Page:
We had lunch today with good friend and retired veterinarian, Don Brust, and his child bride, Ina.
Aside from just wanting to enjoy lunch with some good people, the event was also designed to pick Don's brains about my idea for "A Forever Home," where I would become a modern day Don Quixote, assuming I could find me a Sancho Panza.
Don explained the facts of life to me.
I had let my emotions run away with me and needed to hear some realistic, practical facts:
a. Permits. San Diego County has not issued a kennel permit in over 10 years . . . and there's no sign they're about to change their ways. If you have more than five dogs, you have to have a kennel permit.
b. You have to have a facility in place before even applying for a permit. You don't get a permit, based on a proposal, architect's plans, etc.
1. Said facility must have a cement floor, adequate sewage disposal, staff to clean up waste at least once, preferably twice, a day, comply with zoning, have a buffer zone for sound to keep barking from disturbing neighbors.
2. My idea of dogs romping about in a grassy meadow won't work either. To many dropping that would not get cleaned up. Dogs rescued from shelters and humane societies are often abandoned, neglected, or abused. We would not know if they had been vaccinated, if they were carrying parasites or other communicable diseases, they'd have to have a minimum of 10-14 day quarantine . . . even then, you couldn't let them run loose in a grassy field. No way to control them or contain them. Fencing wouldn't work; they can jump fences, so can coyotes. And fleas. And ticks.
Other nightmare stories came from Dawna, a good friend in LA, who told me about a friend of hers who had a horse sanctuary that was successful for a time but after 9/11 when donations dried up she lost everything, home, savings, and eventually the horses. She was stuck with lawsuits, fractured friends in the animal community, and one of her friends got a three year jail sentence.
Your time might be better spent in lecturing/raising funds for birth control for animals. Eric Roberts is working with people on this problem. It cuts out the problem before it exists.
The other thing I meant to say in my post yesterday is the animal rescue world is, literally, dog eat dog. Coming in from nowhere will get you enemies from the get-go. They will hate that you are trying to take money and acclaim from them.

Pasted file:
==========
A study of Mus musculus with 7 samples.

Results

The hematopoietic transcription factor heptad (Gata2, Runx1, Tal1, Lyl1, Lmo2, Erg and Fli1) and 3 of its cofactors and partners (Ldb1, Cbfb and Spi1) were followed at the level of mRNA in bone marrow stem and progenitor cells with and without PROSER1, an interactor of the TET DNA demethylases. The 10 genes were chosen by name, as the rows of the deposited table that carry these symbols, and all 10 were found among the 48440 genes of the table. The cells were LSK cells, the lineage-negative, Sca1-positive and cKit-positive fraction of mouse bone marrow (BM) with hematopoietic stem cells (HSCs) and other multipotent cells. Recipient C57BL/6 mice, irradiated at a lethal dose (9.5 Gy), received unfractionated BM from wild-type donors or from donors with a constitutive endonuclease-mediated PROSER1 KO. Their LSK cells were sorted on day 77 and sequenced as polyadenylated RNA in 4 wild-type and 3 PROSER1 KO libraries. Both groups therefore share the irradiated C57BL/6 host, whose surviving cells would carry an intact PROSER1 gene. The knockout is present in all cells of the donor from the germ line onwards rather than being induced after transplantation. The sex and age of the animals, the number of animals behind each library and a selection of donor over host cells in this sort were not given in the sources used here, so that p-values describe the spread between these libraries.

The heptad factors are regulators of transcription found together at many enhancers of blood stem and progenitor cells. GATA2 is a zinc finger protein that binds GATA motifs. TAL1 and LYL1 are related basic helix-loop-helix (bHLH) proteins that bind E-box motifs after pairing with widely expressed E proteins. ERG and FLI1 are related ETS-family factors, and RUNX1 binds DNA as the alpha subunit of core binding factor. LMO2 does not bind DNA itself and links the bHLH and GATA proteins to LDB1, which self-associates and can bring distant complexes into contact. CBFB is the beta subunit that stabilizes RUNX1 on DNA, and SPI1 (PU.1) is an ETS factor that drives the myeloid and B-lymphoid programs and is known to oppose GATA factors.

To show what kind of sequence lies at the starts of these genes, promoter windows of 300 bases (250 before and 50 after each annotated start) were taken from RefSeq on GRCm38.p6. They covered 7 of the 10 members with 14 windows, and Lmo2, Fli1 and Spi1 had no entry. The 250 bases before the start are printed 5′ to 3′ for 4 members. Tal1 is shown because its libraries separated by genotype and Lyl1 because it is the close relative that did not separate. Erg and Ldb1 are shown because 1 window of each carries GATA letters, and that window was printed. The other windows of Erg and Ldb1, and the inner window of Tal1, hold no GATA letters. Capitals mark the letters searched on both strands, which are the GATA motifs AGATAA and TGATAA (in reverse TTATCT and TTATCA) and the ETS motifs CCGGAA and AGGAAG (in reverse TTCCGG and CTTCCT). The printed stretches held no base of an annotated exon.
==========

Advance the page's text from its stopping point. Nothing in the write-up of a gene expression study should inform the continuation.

Don't do it.
My two cents.
Instead, put your efforts behind this great cause: http://www.google.com/search?source=ig&hl=en&rlz=1G1TSND_ENUS432&=&q=%22eric+roberts%22+animal+birth+control&aq=f&aqi=&aql=&oq=
Why not just support the sanctuaries that are already doing this, i.e. Best Friends in Utah and many others?
Writing and your paper is what you know and do well.
Animal rescue is a bottomless pit of un-appreciation, angst, and impossible work with poor results.
It was interesting that both Don and Ina mentioned Best Friends, in Utah, as a possible outlet where I could ship dogs scheduled for euthanasia.
Perhaps I will redirect my efforts to save as many dogs as I can from unnecessary euthanasia by a heavy public relations and marketing campaign to existing animal shelters and humane societies, to allow me to act as intermediary in getting those animals shipped to Best Friends or someplace similar.
We still will work diligently to save dogs . . . just in a bit different manner. We may put together a clever education campaign designed to
both let the animal shelters/humane society know we're here and what our mission is, and to educate the public even more about spaying and neutering.
Not sure what form it will take . . . I want to do something . . . but I recognize my original plan was great . . . just not practical or realistic.
Back to the drawing board.
(And thanks to Don/Ina Brust, Dawna, Bruce Krider, and a whole host of others who have shared their thoughts, insight, and ideas with me).